Building great products -- products that change the game, that put a dent in the universe, and move the needle -- is far more important than focusing on revenue. It's exactly what Yahoo! needs to do.
I joined Yahoo! in 2005 to lead part of its advertising technology team. I lasted around 7 months. During that time I met genius-level engineers and passionate product leaders, I participated in hundreds of hours of soul searching strategy and planning sessions, I worked on a variety of projects, and after about 6 months I realized I hadn't delivered anything. The game was the same, the universe was smooth and uniform, and no needles had been moved. I loved the Yahoo! brand and the people, but whatever the leadership at the time was interested in, it was not building great products.
My experience at Yahoo! led me to two insights and a quest:
The Insight: Don't join a team that isn't totally absorbed in winning; Don't join a team that doesn't need me to win.
The Quest: Find a tech company that is truly and deeply interested in only building great products.
How do you find a team that really and truly wants to win with every fiber of it's being? That's easy, but it took me a long long time to recognize it:
Nothing is off the table. Everything is negotiable, open for review, and amenable to change. Sacred cows are the worst kind of roadblocks: They slow down traffic and you can't consume them to release their energy back into the system.
When I was at Yahoo! much of my time as a manager was spent pushing aside processes and policies and people that used to work but clearly didn't work anymore. One of the founders of Yahoo! reviewed every single server purchase to make sure we weren't blowing our budget on expensive servers and networking gear. This is an admirable attention to detail for a startup on a tight budget. In 2005 when Yahoo! had millions of dollars a month in revenue it was just an innovation speed bump. I could not push him aside.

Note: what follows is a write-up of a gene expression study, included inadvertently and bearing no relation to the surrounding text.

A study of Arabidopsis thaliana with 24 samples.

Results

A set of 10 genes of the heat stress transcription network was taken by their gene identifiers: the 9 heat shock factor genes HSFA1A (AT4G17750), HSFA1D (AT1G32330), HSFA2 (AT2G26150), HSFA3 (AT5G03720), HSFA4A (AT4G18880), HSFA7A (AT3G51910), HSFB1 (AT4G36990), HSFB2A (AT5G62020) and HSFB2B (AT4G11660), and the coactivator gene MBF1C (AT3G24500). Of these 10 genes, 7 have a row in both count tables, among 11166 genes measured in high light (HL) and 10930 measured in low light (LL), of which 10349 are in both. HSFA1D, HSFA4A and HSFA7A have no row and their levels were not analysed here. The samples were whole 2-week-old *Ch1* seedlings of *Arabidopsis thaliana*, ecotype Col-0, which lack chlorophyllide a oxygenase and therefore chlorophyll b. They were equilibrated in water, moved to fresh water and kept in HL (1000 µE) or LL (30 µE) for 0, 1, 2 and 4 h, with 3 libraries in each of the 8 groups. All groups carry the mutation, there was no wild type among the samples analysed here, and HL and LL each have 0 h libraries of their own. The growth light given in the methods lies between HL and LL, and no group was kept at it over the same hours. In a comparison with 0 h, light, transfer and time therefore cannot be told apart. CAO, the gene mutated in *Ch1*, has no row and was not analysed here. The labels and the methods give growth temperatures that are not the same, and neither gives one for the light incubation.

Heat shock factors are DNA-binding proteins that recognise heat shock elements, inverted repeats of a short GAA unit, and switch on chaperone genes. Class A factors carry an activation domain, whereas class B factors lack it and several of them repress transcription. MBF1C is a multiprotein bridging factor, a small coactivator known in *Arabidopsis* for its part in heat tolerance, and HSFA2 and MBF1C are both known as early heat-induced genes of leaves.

There are other signals as well: Do I feel like a spent athlete everyday after work as if I had just run a marathon? Is communication passionate, pandemic, and plain? Are micromanagers and brilliant jerks shown the door? Most importantly, is there a tremendous amount of attention paid to how and why people are hired? (Every hire is a critical hire.)
If the answer is yes to all-of-the above then you have a winning technology team.
If winning is the only thing, you've already lost: Tech companies solely focused on winning the race at any cost, like athletes who dope or financiers who bet on derivatives do not build sustainable businesses or great products. They build one hit wonders.
This is where the focus on great products comes in! By their very nature, and this is something that Mayer seems to really understand, great products create long term outcomes and whole ecosystems that generate dollars and legions of loyal customers.
At Yahoo! in 2005 we spent too much time talking about being a fast follower (should we do what Google is doing?) or being a pioneer (should we strike out in some dramatic new direction?). What I have learned from my personal experience at Apple, DoubleClick, and Spotify is this: If you have to ask the question, follow or lead, then you have already lost the race.
Building great products is what we are doing at the Huffington Post. We're not focused on checking the price of the stock or where we rank on Alexa. We're focused on the elections, jobs, getting you the news, making an impact, and breaking down the 4th wall between reader and journalist. Now with HuffPost Live, we're breaking the wall between viewer and broadcaster too!
I'm going to cheer Mayer and Yahoo! on. I want to see epic new products that not only revitalize one of the greatest names on the Internet but also make the web an even better place for all of us Yahooligans and HuffPosters alike.